Credit unions could be the answer for community-minded businesses seeking a bank
Imagine keeping your money somewhere which directly and only benefitted the community you live in – as close to a purely ethical 'bank’ as you could imagine.
In other words, while you get on with life and business assured your money is safe and ready for you when you need it, that same money is also serving others – sometimes far more needy than you.
At different times in different contexts ideas of mutuals and building societies supporting members rather than shareholders were in favour, then out of favour, as the nation voted for the benefits of commercial banking.
But the limitations and instincts of a market dominated by such institutions has also become apparent and not always desirable, first as a result of the financial crash and its wake.
And then came COVID-19, resetting the dials, making many think hard about the roles they play in their communities like never before.
Not every company can turn its hand to producing PPE, scrubs or food parcels to express their support, but anyone with even a very small amount of money can think about opening a credit union account.
At least that is what Gloucestershire Credit Union would like to see happen – be that a contingency fund, a firm’s annual charity fund-raising efforts or its Christmas party kitty. Smaller firms can even open corporate accounts.
In doing so you would be investing directly in your community through the financial co-operative.
It is what The Raikes Journal has done, meaning every penny that is spent with us works for the county.
Al Jack, who helps run the Gloucestershire Credit Union from its headquarters at Gloucester Library, said some firms already had accounts, others used it to save because they want their money to benefit where they live.
Gloucestershire Credit Union’s compensation scheme covers savings up to £85,000 – but far, far smaller sums invested in the community enterprise are more usual and still have considerable impact.
“Any business that is able to bank with us will be benefitting the community automatically,” said Mr Jack, who began working life as a technical IT engineer, but is now one of just three paid-up staff members among an able team of county volunteers.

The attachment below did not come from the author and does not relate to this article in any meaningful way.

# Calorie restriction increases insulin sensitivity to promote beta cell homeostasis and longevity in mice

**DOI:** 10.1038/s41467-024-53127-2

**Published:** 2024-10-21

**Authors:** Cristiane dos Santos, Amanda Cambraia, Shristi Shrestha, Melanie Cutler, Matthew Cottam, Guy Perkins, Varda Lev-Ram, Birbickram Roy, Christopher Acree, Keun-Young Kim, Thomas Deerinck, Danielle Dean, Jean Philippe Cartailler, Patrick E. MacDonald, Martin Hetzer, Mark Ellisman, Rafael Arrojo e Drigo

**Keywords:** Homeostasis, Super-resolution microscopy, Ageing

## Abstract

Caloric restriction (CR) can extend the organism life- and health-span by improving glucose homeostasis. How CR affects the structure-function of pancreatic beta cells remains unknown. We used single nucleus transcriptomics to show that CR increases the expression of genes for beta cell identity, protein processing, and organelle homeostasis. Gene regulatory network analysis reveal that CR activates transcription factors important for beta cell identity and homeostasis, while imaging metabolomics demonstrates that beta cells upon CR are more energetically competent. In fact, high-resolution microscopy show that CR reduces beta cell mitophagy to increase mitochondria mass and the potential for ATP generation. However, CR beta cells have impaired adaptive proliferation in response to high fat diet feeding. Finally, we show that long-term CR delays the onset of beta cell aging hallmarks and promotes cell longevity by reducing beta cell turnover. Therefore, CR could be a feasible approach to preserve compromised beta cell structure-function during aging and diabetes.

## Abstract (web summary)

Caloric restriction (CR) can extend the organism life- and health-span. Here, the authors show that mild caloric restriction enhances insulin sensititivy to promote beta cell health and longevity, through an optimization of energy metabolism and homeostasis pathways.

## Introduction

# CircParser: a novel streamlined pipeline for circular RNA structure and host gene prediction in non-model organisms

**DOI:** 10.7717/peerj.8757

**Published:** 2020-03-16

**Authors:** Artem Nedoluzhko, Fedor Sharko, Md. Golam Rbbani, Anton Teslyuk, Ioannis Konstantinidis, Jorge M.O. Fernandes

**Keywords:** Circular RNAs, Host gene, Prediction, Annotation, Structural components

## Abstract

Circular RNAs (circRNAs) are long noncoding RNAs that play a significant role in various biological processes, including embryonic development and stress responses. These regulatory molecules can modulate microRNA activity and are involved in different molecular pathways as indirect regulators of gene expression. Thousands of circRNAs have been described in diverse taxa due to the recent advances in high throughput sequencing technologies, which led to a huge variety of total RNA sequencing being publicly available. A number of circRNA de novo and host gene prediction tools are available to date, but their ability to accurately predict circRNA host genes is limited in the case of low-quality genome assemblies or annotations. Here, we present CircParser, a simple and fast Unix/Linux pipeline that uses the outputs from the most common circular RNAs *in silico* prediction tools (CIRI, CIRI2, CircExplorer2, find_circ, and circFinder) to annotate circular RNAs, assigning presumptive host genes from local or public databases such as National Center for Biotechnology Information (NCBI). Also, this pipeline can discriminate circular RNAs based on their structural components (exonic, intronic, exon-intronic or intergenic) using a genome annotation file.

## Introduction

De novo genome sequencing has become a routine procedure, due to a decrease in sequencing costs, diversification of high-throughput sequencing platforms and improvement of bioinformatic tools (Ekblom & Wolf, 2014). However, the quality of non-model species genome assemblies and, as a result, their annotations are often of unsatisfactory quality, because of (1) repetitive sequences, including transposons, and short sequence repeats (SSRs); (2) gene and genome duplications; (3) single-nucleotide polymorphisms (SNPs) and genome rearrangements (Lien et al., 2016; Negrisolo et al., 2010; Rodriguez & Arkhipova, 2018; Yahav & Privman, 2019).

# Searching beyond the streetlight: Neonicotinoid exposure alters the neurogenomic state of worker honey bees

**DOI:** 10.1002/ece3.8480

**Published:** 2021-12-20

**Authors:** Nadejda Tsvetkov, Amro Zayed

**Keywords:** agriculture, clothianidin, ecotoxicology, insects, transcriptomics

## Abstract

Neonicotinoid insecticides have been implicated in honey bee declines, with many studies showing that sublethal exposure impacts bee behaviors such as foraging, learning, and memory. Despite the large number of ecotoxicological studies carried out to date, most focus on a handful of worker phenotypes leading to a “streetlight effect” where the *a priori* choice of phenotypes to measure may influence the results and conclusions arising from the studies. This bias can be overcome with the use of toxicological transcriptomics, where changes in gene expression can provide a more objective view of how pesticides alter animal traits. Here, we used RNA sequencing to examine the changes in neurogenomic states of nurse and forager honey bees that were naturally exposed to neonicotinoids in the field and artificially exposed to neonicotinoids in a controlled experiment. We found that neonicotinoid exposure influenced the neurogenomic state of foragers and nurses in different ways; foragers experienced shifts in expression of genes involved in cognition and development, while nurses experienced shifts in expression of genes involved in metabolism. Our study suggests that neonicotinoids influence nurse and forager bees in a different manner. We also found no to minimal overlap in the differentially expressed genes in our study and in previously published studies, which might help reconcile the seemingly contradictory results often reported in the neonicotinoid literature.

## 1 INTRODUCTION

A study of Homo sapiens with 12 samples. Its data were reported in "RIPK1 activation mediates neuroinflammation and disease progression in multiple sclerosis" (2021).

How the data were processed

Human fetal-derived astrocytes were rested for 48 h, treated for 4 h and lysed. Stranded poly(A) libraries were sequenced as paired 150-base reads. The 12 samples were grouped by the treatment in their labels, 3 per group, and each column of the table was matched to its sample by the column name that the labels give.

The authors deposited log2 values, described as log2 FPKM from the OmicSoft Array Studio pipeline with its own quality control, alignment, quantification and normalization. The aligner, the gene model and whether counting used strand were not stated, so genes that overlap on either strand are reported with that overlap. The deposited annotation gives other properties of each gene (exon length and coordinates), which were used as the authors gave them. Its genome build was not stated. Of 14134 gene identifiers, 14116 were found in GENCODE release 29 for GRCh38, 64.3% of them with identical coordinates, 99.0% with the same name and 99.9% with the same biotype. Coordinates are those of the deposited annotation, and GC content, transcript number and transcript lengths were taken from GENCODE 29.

Credit Unions’ hurdle to overcome is the perception they are just for those who cannot access mainstream banking, obtain a credit score or live on or below the breadline. They are for everyone.
“There are two ways of looking at credit unions. For many, they are simply a place to get credit and manage their finances. To the others, perhaps a way of ridding themselves of the banks entirely,” added Mr Jack, who left his native Glasgow aged just 10 as his father’s career in the steel industry took the family ‘all over’.
“We do have some companies who use us already, and we have been wanting to promote the service more to business for some time, but it is how to do it. And we have to move carefully because we need to make sure our level of service continues too.”
Membership is growing. The county’s union passed 1,000 members in January. Members can access their accounts online and obtain pre-paid debit cards to help them manage their money.
“Our challenge is we need to broaden our offer or we will never be a truly viable business other than to people on the breadline. We need people with savings to put it into the credit union, and we work very hard to get loan pricing right so we can offer competitive rates”
While it is there for everyone, it is not a soft touch. If you need a loan and your credit and financial history is doing you no favours, the credit union might offer you an interest rate on a loan of 42 per cent.
“That shocks some people, but when you tell them the same person could otherwise be looking at 1,200 per cent elsewhere (with the payday lenders), it suddenly looks a lot more reasonable. Loan sharks are in another league altogether.
“Ultimately, we need to set the rates right to make sure our everyone is protected, but we will work with people to try to get the lowest rates possible. If we know someone has a good credit history, we can take them straight through to other much lower options.”
Those with poor credit histories should not downhearted, however. The union did, he said, work hard to “offer pathways to lower interest credit to members who come to us with poor credit histories by building a relationship with us over time”.
In the credit union’s own words, its three main aims are to encourage its members to save regularly, to provide loans to members at fair and reasonable rates of interest and to provide members with help and support on managing their financial affairs (if required).
In short, credit unions also offer higher interest rates on deposits and lower rates on loans.
According to the Gloucestershire Credit Union’s website “credit unions’ approach to finance is over 150 years old but it has stood the test of time. They began in Germany in the 1850s and have since spread all over the world.
“Gloucestershire Credit Union is one of over 57,400 credit unions operating in more than 115 countries including Australia, America, the Dominican Republic and the Seychelles”.
To find out more visit Gloucestershire Credit Union.